There are many sourdough pizza recipes you can try. My favourite one by far is to simply make the dough as per the No Knead Sourdough Bread Recipe. Follow all the steps you would take to make this recipe (you can use just strong white flour or try using 00 flour) but once your final dough has risen (i.e. the bulk ferment has finished – just before step 5), instead of shaping the loaf into a round shape as you would to put it into a banneton, simply oil your hands with olive oil and then take a piece of the dough (165-200g or so, depending on how thin or thick you like your pizza base) and gently shape it into a round disk on baking parchment, leaving a bit of an edge all around. Now let the dough rest for a while (see the notes in the other recipe below) before you add your toppings. One lot of dough will make around 5-6 thin crust pizzas (and you can freeze any left over bases, see below). In fact, the best pizza dough is overproofed, so you can leave it to ferment away all day and then make pizzas in the evening.
Or, should you ever find that you have overproofed your bread dough (it happens, trust me!), you can just decide to have pizza from that dough that night instead. Overproofing your dough means that the gluten has been used up and will collapse in the hot oven – trying to nevertheless bake a free-standing loaf with it will result in flat or very dense bread… Pizza is a much better option.
Here is another recipe to try:
This recipe makes 4 thin crust pizzas Ingredients:
- 240g active sourdough Pre-ferment made with strong white bread flour or Italian 00 pasta flour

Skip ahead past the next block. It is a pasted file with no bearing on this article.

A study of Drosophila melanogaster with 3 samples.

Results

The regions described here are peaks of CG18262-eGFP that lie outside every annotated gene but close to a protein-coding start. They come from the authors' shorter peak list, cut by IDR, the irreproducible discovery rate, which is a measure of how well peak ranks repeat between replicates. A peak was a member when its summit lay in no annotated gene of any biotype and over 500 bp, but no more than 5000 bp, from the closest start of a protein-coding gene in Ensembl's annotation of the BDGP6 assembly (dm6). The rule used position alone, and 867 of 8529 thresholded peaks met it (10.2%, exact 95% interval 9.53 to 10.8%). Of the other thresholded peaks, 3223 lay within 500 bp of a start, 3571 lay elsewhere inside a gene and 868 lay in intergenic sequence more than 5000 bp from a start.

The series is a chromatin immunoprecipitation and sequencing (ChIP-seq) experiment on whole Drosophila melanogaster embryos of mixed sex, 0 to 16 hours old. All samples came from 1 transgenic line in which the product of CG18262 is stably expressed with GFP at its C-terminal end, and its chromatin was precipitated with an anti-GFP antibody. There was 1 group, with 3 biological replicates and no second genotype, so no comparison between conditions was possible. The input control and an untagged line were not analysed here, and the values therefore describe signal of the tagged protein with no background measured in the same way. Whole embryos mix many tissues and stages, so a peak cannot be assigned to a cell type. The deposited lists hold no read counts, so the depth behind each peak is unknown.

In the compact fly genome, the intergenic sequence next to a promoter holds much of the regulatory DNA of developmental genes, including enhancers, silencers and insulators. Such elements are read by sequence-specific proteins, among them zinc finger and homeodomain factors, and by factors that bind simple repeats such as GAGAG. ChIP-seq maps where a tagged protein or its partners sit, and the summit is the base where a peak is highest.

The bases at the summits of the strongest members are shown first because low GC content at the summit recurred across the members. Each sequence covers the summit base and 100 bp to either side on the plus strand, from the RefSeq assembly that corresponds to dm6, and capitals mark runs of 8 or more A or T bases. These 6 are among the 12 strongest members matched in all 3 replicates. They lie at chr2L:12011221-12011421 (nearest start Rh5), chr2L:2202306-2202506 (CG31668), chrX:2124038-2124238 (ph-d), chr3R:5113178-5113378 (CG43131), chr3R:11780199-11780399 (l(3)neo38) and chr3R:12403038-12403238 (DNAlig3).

- 60g water
- 360g strong white bread flour or Italian 00 pasta flour
- 2 tbs olive oil
- 1 tsp salt
Mix all the ingredients together and knead for a few minutes (or put it all into a food processor with a dough hook!). The dough should come together into a smooth and stretchy mass. If it looks too dry or doesn’t come together after a few minutes, add a little bit more water – but do this in little amounts at a time.
When the dough has come together, knead for a few more minutes and then rest the dough under cover for at least two hours.
Divide the dough into 4 pieces and form them into balls.
Roll each ball out on a surface that you have given a good dusting of flour first. If it feels too moist to handle, add some more flour until it becomes manageable.
The pizza bases can now be set out on a baking tray to prove. Keep them covered with cling film or a damp tea towel to prevent the surface from drying out and cracking. Let them prove for another 15 minutes in a warm place. When you are ready, top them with your choice of toppings and pop them in a preheated oven at 250 C or as hot as your oven will go for 8-10 minutes or so – keep an eye on them.
You can also freeze the pizza bases for later use. Slip a piece of silicone paper (baking parchment) between each pizza base and put the whole pile in a plastic bag, squeeze the air out and tie up the end.
These bases will last in the freezer for several months and you can remove them one by one very easily if they are separated by papers. To defrost and use, simply lay a base on a baking tray, place your chosen toppings on and then give it a couple of hours to finish proving. If you can’t wait, you can bake them pretty much straight from the freezer, but allow a little longer in the oven.
TOMATO SAUCE TOPPING
- 1 tin of chopped or plum tomatoes
- 1-3 teaspoon of oregano or Italian Herbs (to taste) 1⁄4 teaspoon cayenne pepper (to taste)
- 3 cloves of chopped garlic
- half a chopped onion (optional)
- Salt to taste
Fry the onions in a pan until they soften. Add the garlic and fry for 30 more seconds. Add the tin of tomatoes and the other ingredients and simmer for 10 minutes. You can then either squash down the sauce with a potato masher or blitz it in a mixer.